They did not stand up when it counted, were unable to win enough of the hard ball, and failed to follow their structures last week.

But St Kilda are confident they can correct their faults in Saturday night’s cut-throat AFL semi-final against Collingwood at the MCG.

Such were the Saints’ deficiencies in their 58 point qualifying final loss to Geelong, the club decided to not review their second half performance.

Midfielder Leigh Montagna said the Saints understood what went wrong against the Cats but claimed recent history showed they could make amends on Saturday night.

“Some of our structure set-ups we got away from and basically Geelong beat us in the contested footy – that’s where the game really starts,” he said.

“We’ve identified them and moved on pretty quickly and we know that we can rectify them because we’ve done that previously this year and if we get back to doing the basics we’ll be in the ball game.”

Montagna, who could only manage two touches in the first quarter and finished with a far from damaging 25 possessions, admitted his own performance was sub-standard but said he wasn’t the only one.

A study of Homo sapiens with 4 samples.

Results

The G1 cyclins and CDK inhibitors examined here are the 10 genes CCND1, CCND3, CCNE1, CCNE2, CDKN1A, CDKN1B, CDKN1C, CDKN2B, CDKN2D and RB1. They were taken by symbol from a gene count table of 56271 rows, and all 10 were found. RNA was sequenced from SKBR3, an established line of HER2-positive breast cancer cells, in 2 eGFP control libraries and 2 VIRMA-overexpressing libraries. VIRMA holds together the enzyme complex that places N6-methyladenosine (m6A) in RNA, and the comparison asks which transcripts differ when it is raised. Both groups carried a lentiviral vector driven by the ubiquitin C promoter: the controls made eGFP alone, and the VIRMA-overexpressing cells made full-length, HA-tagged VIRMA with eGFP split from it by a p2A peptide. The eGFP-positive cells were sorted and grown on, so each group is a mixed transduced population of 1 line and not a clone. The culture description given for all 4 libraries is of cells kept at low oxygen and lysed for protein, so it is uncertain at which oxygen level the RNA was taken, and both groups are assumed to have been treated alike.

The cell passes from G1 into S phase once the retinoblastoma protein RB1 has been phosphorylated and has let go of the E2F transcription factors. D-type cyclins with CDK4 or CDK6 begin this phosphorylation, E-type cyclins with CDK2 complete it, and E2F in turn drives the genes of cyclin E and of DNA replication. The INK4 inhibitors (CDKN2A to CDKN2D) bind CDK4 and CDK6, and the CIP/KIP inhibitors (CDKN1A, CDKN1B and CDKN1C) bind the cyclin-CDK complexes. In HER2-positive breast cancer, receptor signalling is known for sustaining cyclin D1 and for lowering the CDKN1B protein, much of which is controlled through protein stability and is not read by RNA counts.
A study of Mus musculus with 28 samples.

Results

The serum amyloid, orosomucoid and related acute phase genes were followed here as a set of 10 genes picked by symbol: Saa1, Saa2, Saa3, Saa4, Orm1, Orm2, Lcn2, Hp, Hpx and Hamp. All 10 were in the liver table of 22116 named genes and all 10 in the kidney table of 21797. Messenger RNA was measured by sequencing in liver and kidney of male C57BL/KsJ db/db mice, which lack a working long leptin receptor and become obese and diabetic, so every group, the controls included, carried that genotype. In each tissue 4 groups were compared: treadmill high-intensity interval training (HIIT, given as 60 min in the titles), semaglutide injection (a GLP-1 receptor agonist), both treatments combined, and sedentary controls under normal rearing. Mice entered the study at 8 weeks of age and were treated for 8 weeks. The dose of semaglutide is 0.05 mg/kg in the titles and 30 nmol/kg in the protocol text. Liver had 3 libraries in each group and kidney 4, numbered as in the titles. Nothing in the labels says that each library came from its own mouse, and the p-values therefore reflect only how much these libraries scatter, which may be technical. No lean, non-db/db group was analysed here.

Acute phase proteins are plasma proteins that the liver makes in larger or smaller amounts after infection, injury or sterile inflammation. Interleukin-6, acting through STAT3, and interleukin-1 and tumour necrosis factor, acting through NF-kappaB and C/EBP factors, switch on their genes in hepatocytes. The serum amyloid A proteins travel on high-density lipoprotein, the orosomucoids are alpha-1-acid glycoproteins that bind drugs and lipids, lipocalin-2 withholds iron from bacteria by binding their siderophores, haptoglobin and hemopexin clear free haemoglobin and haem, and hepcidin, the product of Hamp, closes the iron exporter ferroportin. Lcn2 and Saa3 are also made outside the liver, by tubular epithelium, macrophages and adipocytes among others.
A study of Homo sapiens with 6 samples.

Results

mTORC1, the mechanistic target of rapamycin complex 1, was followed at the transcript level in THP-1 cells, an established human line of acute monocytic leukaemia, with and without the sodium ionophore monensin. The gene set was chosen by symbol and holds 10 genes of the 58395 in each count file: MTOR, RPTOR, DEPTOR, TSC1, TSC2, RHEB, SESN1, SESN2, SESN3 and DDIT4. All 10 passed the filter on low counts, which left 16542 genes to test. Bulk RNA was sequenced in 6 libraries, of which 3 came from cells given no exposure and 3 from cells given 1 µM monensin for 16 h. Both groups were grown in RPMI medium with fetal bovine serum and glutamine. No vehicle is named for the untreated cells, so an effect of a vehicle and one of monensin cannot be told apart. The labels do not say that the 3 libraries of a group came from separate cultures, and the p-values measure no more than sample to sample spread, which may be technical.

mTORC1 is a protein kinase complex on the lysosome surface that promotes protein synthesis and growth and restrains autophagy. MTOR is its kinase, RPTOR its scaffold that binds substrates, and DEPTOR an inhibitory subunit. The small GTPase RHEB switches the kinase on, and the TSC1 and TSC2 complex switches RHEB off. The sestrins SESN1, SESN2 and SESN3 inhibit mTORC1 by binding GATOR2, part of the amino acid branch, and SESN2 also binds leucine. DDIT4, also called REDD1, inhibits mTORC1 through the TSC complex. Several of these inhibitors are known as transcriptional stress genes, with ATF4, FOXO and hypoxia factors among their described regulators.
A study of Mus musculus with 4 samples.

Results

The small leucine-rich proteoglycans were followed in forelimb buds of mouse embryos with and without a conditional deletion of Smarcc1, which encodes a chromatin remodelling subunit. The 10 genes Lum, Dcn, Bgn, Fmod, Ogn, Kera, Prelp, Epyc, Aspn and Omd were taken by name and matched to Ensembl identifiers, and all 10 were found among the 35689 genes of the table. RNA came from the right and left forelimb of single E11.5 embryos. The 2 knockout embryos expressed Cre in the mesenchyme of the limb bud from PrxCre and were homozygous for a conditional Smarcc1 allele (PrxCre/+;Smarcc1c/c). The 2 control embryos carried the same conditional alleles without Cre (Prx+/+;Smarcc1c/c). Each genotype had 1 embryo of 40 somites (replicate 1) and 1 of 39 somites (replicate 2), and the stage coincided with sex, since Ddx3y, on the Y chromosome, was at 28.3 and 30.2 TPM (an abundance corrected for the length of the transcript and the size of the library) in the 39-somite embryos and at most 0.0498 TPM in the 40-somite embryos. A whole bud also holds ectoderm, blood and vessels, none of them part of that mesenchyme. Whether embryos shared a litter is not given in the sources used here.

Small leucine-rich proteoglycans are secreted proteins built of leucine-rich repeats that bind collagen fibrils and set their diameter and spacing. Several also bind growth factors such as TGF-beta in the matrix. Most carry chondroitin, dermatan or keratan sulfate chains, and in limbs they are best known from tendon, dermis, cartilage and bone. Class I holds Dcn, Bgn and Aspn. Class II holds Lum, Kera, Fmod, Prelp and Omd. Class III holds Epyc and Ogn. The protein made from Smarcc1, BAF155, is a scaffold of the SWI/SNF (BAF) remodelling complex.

“I was a bit disappointed in my start. I didn’t get my hands on it enough and there were a lot of players in a similar boat,” he said.

He added the whole group did not cope with the heightened level of pressure of finals football, agreeing with coach Ross Lyon that the club had lost some respect from the football world.

But he said the club had quickly put the poor effort aside and would take full advantage of the finals double chance.

“We were on a big stage playing against a top team obviously we didn’t deliver,” he said.

“So in some regards, we did lose a little bit of respect but we’re lucky that we get a chance to do it again this week and that’s what we’re focused on now.”

Montagna expected captain Nick Riewoldt to bounce back against Collingwood after a disappointing effort against the Cats.

The key forward could only manage nine touches and booted just one goal.

He said the Magpies deserved to be favourites, given they had beaten the Saints in the their last three meetings and were coming off a good win interstate.

But he said there was no secret formula to winning.

“There’s no real secret to beating teams like Collingwood,” he said.

“We’ve just got to get our hands on the footy first, use the ball well and give our forwards a chance, and when they’ve got it, put a lot of pressure on them.

“They’re good at doing that and they’re a proven finals team.”